Google has issued a public apology to major advertisers after their spots were featured alongside content from hate preachers and other extremists.
"I would like to apologize to our partners and advertisers who might have been affected by their ads appearing on controversial content," Google executive Matt Brittin said at an industry conference in London on Monday. "We take our responsibilities to these industry issues very seriously."
Several major companies and ad agencies have pulled their ads from Google and YouTube in recent days after a newspaper investigation showed their product pitches were being displayed on content including videos from former Ku Klux Klan leader David Duke.
The British government said last week that it would temporarily restrict its advertising on the company's platforms. It has been joined by The Guardian, Marks & Spencer and French marketing giant Havas, which represents clients including O2 and Royal Mail.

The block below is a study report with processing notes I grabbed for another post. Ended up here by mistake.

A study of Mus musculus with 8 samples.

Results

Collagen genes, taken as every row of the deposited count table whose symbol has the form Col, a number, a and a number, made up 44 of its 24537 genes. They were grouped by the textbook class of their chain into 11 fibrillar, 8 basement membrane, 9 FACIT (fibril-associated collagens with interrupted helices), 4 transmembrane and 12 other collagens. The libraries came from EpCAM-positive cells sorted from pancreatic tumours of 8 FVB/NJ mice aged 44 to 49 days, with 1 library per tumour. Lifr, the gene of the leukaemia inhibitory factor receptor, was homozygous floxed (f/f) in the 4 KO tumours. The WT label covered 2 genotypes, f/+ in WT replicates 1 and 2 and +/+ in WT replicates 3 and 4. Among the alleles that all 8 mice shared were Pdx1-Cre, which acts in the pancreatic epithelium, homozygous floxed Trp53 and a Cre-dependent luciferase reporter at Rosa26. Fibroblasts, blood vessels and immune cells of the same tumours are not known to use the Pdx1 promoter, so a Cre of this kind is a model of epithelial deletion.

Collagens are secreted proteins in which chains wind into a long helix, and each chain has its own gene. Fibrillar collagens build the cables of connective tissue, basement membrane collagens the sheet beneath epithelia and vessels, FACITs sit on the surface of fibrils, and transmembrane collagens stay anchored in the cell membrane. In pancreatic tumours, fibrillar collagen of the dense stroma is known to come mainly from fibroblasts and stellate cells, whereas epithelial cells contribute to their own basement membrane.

Like other tech firms, Google relies on users to report inappropriate content posted to its platforms. Flagged content is then reviewed -- a process that Google says takes less than 24 hours in 98% of cases.
But the company admits it needs to do better. Brittin said that Google would set a higher standard for videos and sites against which advertisements appear.
He also said that brands would be given more control over where their ads appear.
"We are looking at accelerating changes to policy controls and enforcement that will help us to do better," he said. "We need to improve and we will do."
Martin Sorrell, CEO of the global advertising firm WPP (, said that Google must do more. )
"We have always said Google, Facebook and others are media companies and have the same responsibilities as any other media company," he said. "They cannot masquerade as technology companies, particularly when they place advertisements."
At least one market analyst has downgraded shares in Google from "buy" to "hold" over the issue.
"We think that the problems which have come to light will have global repercussions," said Brian Wieser of Pivotal Research Group. "Google will probably need to articulate goals that sound more like a zero tolerance policy."
-- Nina dos Santos contributed to this article.